Una LaMarche (Razorbill)

LaMarche’s second novel is a thrilling Brooklyn romance—Crown Heights, to be specific. Yes, the excitement of first love is a big part of that thrill, but so are the stakes: for Devorah, her Hasidic family’s traditions mean that she shouldn’t even be speaking to a boy like Jaxon, let alone allowing him into her heart. The relationship that develops between two teenagers who live mere blocks apart yet worlds apart tests their friendships, faith, and families, as LaMarche explores persistent prejudices, crises of conscience, a hunger for independence, and the potential for love to beat the odds.


Erin McCahan (Dial)

Readers in the mood for serious laughs need look no further than McCahan’s story about 15-year-old Josie Sheridan, who is determined to break up her older sister Kate’s impending marriage. Kate's fiancé, Geoff, is an awkward librarian who grates on Josie’s last nerve (and whose personality is perhaps more familiar than Josie would care to admit). Josie is certain that Kate can’t possibly love Geoff, but she’s on less solid ground when it comes to the men in her own life, and whether love might be possible with any of them. There are some very funny family dynamics at play, but it’s Josie’s analytical, overthinking narration and knack for delivering truly lacerating quips that will have readers sticking by her side.


Mariko and Jillian Tamaki, illus. by Jillian Tamaki (First Second)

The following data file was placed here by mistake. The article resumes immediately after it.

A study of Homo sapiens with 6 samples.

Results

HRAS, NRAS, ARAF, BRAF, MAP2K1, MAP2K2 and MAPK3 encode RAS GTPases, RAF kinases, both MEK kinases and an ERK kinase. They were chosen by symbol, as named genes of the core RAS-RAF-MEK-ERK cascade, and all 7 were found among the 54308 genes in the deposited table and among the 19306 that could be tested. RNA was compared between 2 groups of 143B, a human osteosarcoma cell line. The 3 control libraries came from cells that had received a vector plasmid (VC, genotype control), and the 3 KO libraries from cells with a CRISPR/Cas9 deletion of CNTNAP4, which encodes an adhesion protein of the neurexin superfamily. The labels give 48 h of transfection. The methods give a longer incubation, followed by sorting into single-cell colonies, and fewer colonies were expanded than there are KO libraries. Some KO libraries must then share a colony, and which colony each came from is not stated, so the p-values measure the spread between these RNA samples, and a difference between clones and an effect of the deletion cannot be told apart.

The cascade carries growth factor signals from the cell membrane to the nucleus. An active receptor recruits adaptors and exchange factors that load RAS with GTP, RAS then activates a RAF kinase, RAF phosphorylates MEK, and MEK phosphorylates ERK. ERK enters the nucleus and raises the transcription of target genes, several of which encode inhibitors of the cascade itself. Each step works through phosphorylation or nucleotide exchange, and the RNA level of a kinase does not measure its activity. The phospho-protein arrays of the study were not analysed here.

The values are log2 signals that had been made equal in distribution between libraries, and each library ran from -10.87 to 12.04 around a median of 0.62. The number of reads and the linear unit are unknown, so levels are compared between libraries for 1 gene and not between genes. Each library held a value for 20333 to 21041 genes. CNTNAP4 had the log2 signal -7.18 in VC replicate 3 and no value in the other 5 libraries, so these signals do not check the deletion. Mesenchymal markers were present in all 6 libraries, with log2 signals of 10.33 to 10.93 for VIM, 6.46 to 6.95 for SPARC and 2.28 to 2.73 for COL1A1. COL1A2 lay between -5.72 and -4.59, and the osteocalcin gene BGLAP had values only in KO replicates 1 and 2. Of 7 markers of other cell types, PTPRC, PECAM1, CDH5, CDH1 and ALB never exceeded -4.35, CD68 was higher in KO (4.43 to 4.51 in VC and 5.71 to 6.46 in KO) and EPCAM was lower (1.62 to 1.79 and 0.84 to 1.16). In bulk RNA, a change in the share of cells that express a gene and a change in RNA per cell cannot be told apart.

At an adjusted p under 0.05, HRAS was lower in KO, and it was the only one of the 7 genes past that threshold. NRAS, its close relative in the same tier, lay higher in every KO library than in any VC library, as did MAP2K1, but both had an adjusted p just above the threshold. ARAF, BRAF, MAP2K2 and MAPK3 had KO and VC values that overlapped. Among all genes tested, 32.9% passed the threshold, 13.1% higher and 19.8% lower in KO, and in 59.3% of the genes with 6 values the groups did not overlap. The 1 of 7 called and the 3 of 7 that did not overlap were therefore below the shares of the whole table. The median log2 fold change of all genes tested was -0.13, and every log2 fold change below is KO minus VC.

The cousins behind 2008’s Skim return with a moody, contemplative graphic novel that homes in on women at critical stages in their lives. The primary focus is on Rose and Windy, whose families spend time together every year at the same lakeside Ontario cottages. But even as Rose seems to be outgrowing Windy, causing tension, the struggles of their parents and some older local teenagers loom large, underlining the idea that actions don’t occur in a vacuum. Printed in the rich blue ink of a clear night sky, Jillian Tamaki’s illustrations powerfully evoke both the strong emotions at play and the intimacy (and claustrophobia) of a vacation town.


E. Lockhart (Delacorte)

Now here’s a novel that people will be talking about long after the beaches have cleared for another season. The trick, for readers of any age, will be tearing through it fast enough to avoid having any of its twists spoiled, either online or in real life. Set on a private island off Cape Cod, Lockhart’s story unfolds through the unreliable narration of Candace Sinclair Eastman, as she tries to unlock family secrets through the haze of lingering brain injuries in the wake of an accident. Hers is a journey that’s painful, heartbreaking, and hard to forget.